I have long been intrigued by Chinese oolong teas, but the most intriguing to me are Dan Cong and Wuyi Mountain oolongs. When I came across Rou Gui and saw that it was indeed an oolong from the Wuyi Mountains, I knew I needed to try it. I didn’t know much about this tea other than the origin and that it can taste like cinnamon. Sounds good, right? So let’s jump right in!
The tea was a sample pack from Harney and Sons. I used a gaiwan and used the whole pack which was right at 6 grams. I used 200F water and brewed it for 10 + 5 seconds.
The first thing that I tasted was indeed cinnamon on the first infusion. There was also some roasted wood notes and a fruit that I couldn’t quite make out, and it also had a note of rocky minerality. As a side note I have seen rock and mineral flavors described in teas before but I can’t say that I have ever been able to pick it up. Well tonight I picked it up and I picked it up hard, so that’s a new tasting moment for me.
The second and third infusions were very rocky with some cinnamon flavor in there. I would say it’s like finding a rock on the ground near a river, sprinkling some cinnamon on it and giving it a lick. It was…. interesting. I can’t say that I loved it, but it’s different. On the fourth infusion it was still very rocky, but the cinnamon came in at the end. Same for the fifth and sixth infusions. I want to say it’s like a cinnamon bread, like it wasn’t very sweet but I was expecting it to be sweet, like the cinnamon rolls that my wife makes from scratch. Maybe it’s just my personal experience but my brain ties cinnamon to sweet and the sweet wasn’t coming through. The rocky flavor hits you up front and the cinnamon flavor comes through on the back end. This is like the mullet of teas: rocky up front, cinnamon in the back.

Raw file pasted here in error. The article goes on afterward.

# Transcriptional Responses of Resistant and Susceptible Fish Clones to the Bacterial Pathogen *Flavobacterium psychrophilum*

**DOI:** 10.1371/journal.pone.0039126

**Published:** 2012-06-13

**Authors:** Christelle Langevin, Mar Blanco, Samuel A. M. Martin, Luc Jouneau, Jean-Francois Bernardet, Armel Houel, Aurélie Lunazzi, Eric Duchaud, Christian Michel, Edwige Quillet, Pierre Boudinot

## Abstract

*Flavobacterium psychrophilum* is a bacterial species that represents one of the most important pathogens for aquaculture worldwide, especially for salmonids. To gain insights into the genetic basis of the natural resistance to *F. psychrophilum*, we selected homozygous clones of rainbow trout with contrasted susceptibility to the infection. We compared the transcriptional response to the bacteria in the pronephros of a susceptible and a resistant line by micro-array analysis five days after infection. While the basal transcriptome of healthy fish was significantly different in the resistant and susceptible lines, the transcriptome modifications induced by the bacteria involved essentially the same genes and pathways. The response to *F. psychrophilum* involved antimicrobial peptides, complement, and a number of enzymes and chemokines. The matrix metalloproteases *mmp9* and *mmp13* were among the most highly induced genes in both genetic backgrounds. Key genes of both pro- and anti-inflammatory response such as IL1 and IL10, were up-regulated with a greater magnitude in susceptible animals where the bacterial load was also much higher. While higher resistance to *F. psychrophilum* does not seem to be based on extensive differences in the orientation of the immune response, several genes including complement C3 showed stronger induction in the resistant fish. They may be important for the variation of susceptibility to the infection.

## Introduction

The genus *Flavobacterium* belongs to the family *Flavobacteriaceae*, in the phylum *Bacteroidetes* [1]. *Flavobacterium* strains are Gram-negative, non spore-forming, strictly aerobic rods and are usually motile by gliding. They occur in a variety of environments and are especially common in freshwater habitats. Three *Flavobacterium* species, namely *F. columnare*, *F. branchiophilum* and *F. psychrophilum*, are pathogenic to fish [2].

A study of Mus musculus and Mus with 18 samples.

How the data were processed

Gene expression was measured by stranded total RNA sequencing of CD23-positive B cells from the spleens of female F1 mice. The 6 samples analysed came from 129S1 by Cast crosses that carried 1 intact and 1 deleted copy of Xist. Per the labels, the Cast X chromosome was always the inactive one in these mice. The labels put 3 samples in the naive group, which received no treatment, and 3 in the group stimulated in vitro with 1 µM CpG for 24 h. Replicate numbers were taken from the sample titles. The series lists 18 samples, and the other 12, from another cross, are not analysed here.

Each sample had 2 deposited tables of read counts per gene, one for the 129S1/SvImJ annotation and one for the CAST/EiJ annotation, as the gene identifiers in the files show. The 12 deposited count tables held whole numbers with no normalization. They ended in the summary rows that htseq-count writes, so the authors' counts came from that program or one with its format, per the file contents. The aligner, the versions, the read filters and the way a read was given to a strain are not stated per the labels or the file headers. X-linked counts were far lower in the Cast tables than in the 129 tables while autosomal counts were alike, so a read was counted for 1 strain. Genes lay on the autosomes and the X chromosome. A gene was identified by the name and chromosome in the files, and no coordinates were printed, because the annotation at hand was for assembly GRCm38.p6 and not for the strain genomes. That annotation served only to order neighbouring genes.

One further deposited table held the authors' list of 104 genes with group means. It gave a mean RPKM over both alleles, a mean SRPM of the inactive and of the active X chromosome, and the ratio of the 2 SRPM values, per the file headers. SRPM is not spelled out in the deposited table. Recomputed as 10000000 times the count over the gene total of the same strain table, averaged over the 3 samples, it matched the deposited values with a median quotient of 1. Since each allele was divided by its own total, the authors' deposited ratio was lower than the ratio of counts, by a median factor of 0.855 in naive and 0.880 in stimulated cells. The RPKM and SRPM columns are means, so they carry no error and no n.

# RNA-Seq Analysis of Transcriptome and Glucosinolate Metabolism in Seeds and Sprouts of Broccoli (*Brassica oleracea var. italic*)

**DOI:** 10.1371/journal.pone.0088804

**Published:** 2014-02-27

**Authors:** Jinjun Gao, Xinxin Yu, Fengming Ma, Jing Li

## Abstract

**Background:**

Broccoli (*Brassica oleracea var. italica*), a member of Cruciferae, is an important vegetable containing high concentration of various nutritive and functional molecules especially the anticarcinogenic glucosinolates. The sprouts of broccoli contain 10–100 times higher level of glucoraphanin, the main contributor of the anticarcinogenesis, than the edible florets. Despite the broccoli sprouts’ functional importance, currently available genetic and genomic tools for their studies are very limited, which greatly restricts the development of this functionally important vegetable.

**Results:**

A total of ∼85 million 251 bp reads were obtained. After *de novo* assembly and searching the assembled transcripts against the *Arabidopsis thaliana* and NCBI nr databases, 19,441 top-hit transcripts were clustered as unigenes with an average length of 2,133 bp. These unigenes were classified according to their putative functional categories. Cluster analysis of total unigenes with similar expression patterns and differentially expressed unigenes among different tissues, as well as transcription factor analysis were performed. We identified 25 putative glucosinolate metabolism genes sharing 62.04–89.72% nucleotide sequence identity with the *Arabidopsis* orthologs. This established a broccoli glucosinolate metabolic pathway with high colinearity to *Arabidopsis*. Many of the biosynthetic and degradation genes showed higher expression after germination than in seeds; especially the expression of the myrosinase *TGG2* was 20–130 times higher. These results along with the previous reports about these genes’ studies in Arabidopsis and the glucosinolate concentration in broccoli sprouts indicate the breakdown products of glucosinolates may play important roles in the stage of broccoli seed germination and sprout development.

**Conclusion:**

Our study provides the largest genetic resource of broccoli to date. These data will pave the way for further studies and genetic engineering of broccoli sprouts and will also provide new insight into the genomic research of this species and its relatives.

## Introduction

On the seventh it was still rocky as all heck, but I got a faint note of leather. The eighth and ninth were a little interesting too. I started to get a taste of carbonation. Like a cinnamon flavored sparkling water. I have never had that taste in a tea before either.
I love how the dark green colors start to show on these roasted oolongs after you steep them a few times. They look black when dry but start to turn green.
The Chinese word for these teas grown in the Wuyi Mountains is Yancha, which means rock tea. The soil in the mountains is very rocky and that taste comes through in the teas. There is also something called Yan Yun or rock rhyme that is associated with yancha teas, but I don’t know enough about it to comment on it further.
Overall, It was an interesting experience and it stayed lively but I can’t say that I loved the rocky taste all that much. I have had the Big Red Robe from Harney which is also a Wuyi yancha and I liked that one a lot. So you can’t judge a tea by any characteristic really, you just need to try it.
The price on this is $14 for a 1.5 oz. tin (42 grams). 6 grams per session makes it 7 sessions per tin, which is $2 per session. If you go 9 infusions, that comes to $.22 per cup. That is not a bad price at all for a Wuyi Yancha. These teas are generally on the expensive side but that’s a good price for that tea.
It’s been an hour and half since I finished drinking it and my tongue still tastes like rocks, so it definitely has a strong finish! I just wish I liked the taste of rocks better!